Jobs will be lost as Hawaii goes from 2 refineries to 1

Updated: Aug. 30, 2018 at 7:51 AM HST

Par Pacific, operator of the larger, ex-Tesoro refinery in Kapolei, will buy some refining elements from Island Energy, owner of the smaller, ex-Chevron refinery, also in Kapolei.

Par expects to hire perhaps 65 of the appropriately 150 people Island Energy lays off. These numbers are estimates, however.

Both companies own scores of gas stations and intend to keep and develop those networks.

Although Costco has occasionally brought in a tankerload of gasoline that was refined somewhere else, the lion's share of petroleum consumed in Hawaii, often 100 percent, is refined here from tankerloads of crude. Indeed, by some measures, Hawaii's biggest export is jet fuel, because it's refined in Hawaii, then loaded onto jets some of which then fly to other countries.

The Island Energy Services refinery holds the contracts to supply low-grade power plant fuel to all the state's electric utilities.

"We believe this transaction will prevent any disruption to the supply of fuel to meet Hawaii's electric generation needs," said Par CEO William Pate. "As the owner and operator of Hawaii's remaining refinery, we recognize our role in meeting the essential demand for petroleum products today."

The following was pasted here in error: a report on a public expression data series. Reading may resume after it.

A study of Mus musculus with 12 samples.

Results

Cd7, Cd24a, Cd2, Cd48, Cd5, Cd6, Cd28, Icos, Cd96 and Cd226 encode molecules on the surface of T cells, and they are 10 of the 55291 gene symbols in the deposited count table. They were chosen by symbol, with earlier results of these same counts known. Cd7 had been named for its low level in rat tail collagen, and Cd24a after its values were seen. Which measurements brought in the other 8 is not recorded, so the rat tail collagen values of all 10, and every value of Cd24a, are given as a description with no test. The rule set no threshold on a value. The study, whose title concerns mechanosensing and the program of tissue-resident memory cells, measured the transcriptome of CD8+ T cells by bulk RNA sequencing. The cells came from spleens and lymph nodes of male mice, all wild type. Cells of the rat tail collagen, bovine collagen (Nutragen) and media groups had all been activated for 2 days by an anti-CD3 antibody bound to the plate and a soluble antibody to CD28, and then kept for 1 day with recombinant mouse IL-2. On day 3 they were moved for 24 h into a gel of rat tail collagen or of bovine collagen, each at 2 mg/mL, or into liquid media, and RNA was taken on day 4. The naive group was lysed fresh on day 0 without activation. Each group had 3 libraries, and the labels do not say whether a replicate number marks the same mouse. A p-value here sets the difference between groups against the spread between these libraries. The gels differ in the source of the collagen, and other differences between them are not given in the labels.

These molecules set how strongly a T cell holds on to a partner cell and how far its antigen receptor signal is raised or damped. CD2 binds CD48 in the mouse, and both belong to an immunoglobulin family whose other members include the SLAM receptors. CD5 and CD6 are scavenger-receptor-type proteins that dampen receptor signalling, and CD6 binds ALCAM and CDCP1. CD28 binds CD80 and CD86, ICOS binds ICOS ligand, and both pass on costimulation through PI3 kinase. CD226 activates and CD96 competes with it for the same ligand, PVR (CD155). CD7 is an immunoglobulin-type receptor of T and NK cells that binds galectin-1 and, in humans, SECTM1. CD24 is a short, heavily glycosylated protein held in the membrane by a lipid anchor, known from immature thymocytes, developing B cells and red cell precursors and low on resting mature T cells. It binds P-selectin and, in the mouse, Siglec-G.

Island Energy Services says the deal is for $45 million — plus the sale of some stored fuels — and will provide capital to improve its storage tanks, pipelines and docking facilities.

"We recognize the impact this transaction will have on all of our employees and we are committed to supporting each of them during this transformation of the business," IES CEO Jon Mauer said.

The deal is expected to close by year's end.

Hawaii is a unique oil products market for several reasons. It's small, which affects profit margins and deters competition.

It's leading the nation is switching to non-fossil fuels. It has the stability of the U.S. government being a major local consumer of jet fuel. And commercial airlines also need jet fuel, for which there are fewer alternative fuels so far.

This uniqueness extends to the retail sector, where gasoline prices are elevated by the cost of the land on which gas stations sit.